Kristin - POTS

I have been a patient at the Vanderbilt Autonomic Unit twice. Both times everyone I came into contact with was incredibly helpful and kind. The entire staff; doctors, nurses, dietary, housekeeping, etc. were really great! I have been hospitalized many times in the past 15 years at many different hospitals and I can honestly say that Vanderbilt has been the best out of all my hospitalizations. Even when the testing was painful or I felt really bad, the staff did everything possible to make me more comfortable and reassured.
 
In my early 20’s I begin having episodes where I fainted. Sometimes it would happen once or twice a week, other times it could be as frequent as four or five times a day. I saw many doctors seeking help and was told everything from “it was something I would outgrow,” “drink a glass of juice before getting out of bed and I would be fine” to “it was all in my head.” I was fortunate to finally find a PCP that was incredibly thorough, meticulous and caring. She referred me to a local cardiologist who diagnosed me with neurocardiogenic syncope. I was placed on medications and for a few years was stable and did well. Then for some unknown reason, my condition deteriorated and I was no longer able to drive, work or do the things I enjoyed. At this point my cardiologist and PCP recommended that I be seen at Vanderbilt. I was told by really great physicians that Vanderbilt was the only place in the country that was knowledgeable and equipped to diagnose and treat me. Through great effort on Bonnie Black at Vanderbilt’s part and my PCP, they were finally able to get me admitted to Vanderbilt. I honestly believe that without all the time and effort Bonnie Black put into dealing with the insurance company, it never would have been approved.
 
During my two admissions at Vanderbilt I was treated by Dr. David Robertson, Dr. Rogelio Mosqueda-Garcia and Dr. John Shannon. While I was there, all three of these doctors took the time to talk with me and my family. They answered our questions, explained tests and procedures to us, and despite their very busy schedules, they always made us feel as though I was the most important patient they were caring for. I remember fondly Dr. Robertson and/or Bonnie stopping by my room on their way home for the evening to say goodnight and make sure I was doing okay. One of the nurses that knew I was missing my dogs arranged to bring her dog in to visit with me one day. On other days she brought pictures of her dog that made me laugh. During my second admission, Bonnie arranged for a member of my family to take me out in a wheelchair. I remember being wheeled around the campus and how beautiful it was. It was spring and all the flowers and trees were in bloom.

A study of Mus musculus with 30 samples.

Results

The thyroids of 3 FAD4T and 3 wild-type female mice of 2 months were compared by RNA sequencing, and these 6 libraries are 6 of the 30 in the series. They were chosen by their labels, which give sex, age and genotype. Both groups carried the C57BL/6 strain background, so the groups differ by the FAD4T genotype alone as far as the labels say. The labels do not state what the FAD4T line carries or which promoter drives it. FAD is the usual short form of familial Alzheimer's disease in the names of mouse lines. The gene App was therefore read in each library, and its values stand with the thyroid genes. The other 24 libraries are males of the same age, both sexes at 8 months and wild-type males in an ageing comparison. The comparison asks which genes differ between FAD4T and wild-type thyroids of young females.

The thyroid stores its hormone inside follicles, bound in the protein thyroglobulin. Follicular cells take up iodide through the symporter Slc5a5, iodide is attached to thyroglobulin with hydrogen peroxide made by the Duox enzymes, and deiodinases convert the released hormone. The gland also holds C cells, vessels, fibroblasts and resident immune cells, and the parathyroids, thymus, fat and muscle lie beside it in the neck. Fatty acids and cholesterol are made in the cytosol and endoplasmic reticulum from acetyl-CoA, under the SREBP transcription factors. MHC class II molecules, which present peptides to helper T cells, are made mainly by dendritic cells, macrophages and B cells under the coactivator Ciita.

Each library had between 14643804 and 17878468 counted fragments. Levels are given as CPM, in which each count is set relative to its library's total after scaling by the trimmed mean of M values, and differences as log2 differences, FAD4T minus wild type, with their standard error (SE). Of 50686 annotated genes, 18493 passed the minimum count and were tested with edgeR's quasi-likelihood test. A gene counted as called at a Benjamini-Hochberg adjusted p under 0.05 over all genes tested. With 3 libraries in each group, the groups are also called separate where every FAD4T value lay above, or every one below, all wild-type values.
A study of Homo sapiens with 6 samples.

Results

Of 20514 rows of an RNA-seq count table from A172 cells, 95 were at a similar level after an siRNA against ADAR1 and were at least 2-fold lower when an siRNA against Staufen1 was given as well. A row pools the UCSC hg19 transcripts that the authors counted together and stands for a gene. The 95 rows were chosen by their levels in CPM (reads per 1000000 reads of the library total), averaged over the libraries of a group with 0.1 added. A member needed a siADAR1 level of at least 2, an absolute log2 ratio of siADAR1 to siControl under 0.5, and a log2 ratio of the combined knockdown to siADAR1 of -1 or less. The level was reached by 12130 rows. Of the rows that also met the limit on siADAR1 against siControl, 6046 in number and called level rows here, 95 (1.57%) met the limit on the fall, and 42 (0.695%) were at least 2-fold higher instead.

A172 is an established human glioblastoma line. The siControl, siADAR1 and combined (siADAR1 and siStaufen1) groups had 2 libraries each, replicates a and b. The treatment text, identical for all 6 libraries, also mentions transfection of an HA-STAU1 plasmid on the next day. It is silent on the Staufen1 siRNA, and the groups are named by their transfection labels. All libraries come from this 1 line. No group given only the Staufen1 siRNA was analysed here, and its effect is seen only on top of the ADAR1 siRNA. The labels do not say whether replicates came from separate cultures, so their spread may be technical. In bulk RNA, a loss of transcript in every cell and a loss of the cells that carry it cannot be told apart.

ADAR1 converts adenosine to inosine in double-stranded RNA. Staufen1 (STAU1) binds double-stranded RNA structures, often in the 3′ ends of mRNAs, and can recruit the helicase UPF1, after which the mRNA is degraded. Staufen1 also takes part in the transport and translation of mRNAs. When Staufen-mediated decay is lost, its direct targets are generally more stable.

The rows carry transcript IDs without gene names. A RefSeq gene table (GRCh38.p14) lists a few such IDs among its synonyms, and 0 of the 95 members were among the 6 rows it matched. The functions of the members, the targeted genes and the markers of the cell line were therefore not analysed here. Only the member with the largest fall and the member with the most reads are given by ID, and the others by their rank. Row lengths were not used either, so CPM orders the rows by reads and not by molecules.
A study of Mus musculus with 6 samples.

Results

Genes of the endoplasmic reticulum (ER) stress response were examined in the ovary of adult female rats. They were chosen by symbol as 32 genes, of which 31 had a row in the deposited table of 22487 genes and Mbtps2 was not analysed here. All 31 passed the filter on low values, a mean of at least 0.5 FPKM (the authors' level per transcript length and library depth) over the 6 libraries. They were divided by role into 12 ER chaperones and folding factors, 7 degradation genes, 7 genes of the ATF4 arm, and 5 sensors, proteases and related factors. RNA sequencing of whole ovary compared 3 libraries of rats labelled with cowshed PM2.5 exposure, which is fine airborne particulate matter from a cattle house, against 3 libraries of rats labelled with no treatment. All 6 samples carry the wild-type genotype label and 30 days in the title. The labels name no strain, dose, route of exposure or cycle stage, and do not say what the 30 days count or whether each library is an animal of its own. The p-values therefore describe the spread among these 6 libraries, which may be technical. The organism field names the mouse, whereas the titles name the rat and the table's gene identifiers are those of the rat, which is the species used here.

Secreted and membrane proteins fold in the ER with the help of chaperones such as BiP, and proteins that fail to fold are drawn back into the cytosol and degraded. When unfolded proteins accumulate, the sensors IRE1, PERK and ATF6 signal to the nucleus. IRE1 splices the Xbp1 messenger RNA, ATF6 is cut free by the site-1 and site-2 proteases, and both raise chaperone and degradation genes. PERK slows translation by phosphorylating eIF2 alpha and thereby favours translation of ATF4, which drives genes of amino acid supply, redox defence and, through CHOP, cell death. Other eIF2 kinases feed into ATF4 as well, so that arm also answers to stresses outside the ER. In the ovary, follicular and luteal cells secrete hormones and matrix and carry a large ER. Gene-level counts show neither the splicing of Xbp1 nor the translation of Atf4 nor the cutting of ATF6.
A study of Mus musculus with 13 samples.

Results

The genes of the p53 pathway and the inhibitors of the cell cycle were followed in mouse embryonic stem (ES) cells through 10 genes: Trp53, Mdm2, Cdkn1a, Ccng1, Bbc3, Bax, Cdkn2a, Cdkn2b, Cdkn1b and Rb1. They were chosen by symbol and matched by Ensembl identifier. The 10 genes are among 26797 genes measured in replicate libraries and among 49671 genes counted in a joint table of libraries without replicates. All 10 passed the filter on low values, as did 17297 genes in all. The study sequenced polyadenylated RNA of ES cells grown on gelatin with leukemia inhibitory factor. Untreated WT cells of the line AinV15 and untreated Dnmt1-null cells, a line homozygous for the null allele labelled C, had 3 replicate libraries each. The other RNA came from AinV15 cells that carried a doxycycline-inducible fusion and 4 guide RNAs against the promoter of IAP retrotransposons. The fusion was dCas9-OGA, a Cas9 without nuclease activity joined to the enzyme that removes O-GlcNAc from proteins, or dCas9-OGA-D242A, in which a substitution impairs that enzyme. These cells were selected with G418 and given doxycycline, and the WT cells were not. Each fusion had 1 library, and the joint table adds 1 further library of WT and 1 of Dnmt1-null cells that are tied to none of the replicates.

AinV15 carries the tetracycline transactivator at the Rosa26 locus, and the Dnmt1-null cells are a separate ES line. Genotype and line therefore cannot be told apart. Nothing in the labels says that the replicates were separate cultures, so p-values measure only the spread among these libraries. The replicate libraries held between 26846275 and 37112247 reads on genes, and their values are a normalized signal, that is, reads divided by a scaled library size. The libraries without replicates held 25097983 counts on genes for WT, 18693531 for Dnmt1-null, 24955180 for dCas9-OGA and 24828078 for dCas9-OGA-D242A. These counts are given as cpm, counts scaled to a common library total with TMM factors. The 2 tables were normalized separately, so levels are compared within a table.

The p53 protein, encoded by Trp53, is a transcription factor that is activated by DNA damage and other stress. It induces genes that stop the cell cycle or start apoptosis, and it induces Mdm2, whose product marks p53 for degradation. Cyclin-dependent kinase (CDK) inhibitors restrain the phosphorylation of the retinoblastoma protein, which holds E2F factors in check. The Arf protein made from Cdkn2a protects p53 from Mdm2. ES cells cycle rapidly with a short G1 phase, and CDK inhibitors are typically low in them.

Parts of my admissions were not fun, and some of the testing was difficult, but during it all, I always felt I was in the best of hands and that it was well worth it be to able to be properly diagnosed and have hope for a treatment plan. One incident that stands out in my memory is a procedure where multiple doctors had attempted to start an arterial line without success. At one point almost in tears, I looked up and saw that the doctor holding my hand had tears in his eyes. He looked at me and said, “I am so sorry.” This exemplifies the staff I encountered during both my admissions at Vanderbilt: People that really cared and really wanted to help their patients.
 
While at Vanderbilt I was diagnosed with Postural Orthostatic Tachycardia Syndrome or POTS. It is an autonomic disorder that affects blood pressure and heart rate. My syncopal episodes were being caused by my blood pressure plummeting. My body attempted to raise my blood pressure by kicking my heart rate into overdrive. Needless to say I was dizzy, exhausted and weak all the time.
 
After coming home from Vanderbilt, my PCP and I both stayed in close contact with doctors and staff at Vanderbilt for several years. Staff at Vanderbilt was wonderful about helping battle insurance denials, recommending new or additional treatments, writing letters needed for employment and so much more once I was home. Over the years, I have remained in touch with various staff at Vanderbilt, but mostly Bonnie Black. When I have had a question or one of my local doctors has questions, Bonnie has always been there for us. She answers questions, sends literature to my local doctors, coordinates phone and e-mail between Dr. Robertson and my local doctors. She has been a true blessing. Some times when I am just feeling discouraged or overwhelmed by this crazy illness, I will call or e-mail Bonnie just to hear her reassuring words. She has always been there for me no matter how much time has gone by since we last spoke. Even though it has been almost eleven years since my last admission to Vanderbilt they have been very helpful in coordinating my care as recently as last week.
 
I cannot say enough good things about the staff at Vanderbilt and the experiences I had there as a patient. If I have to be hospitalized again, I would want it to be at Vanderbilt. It is truly a place of compassion, caring, healing and expertise.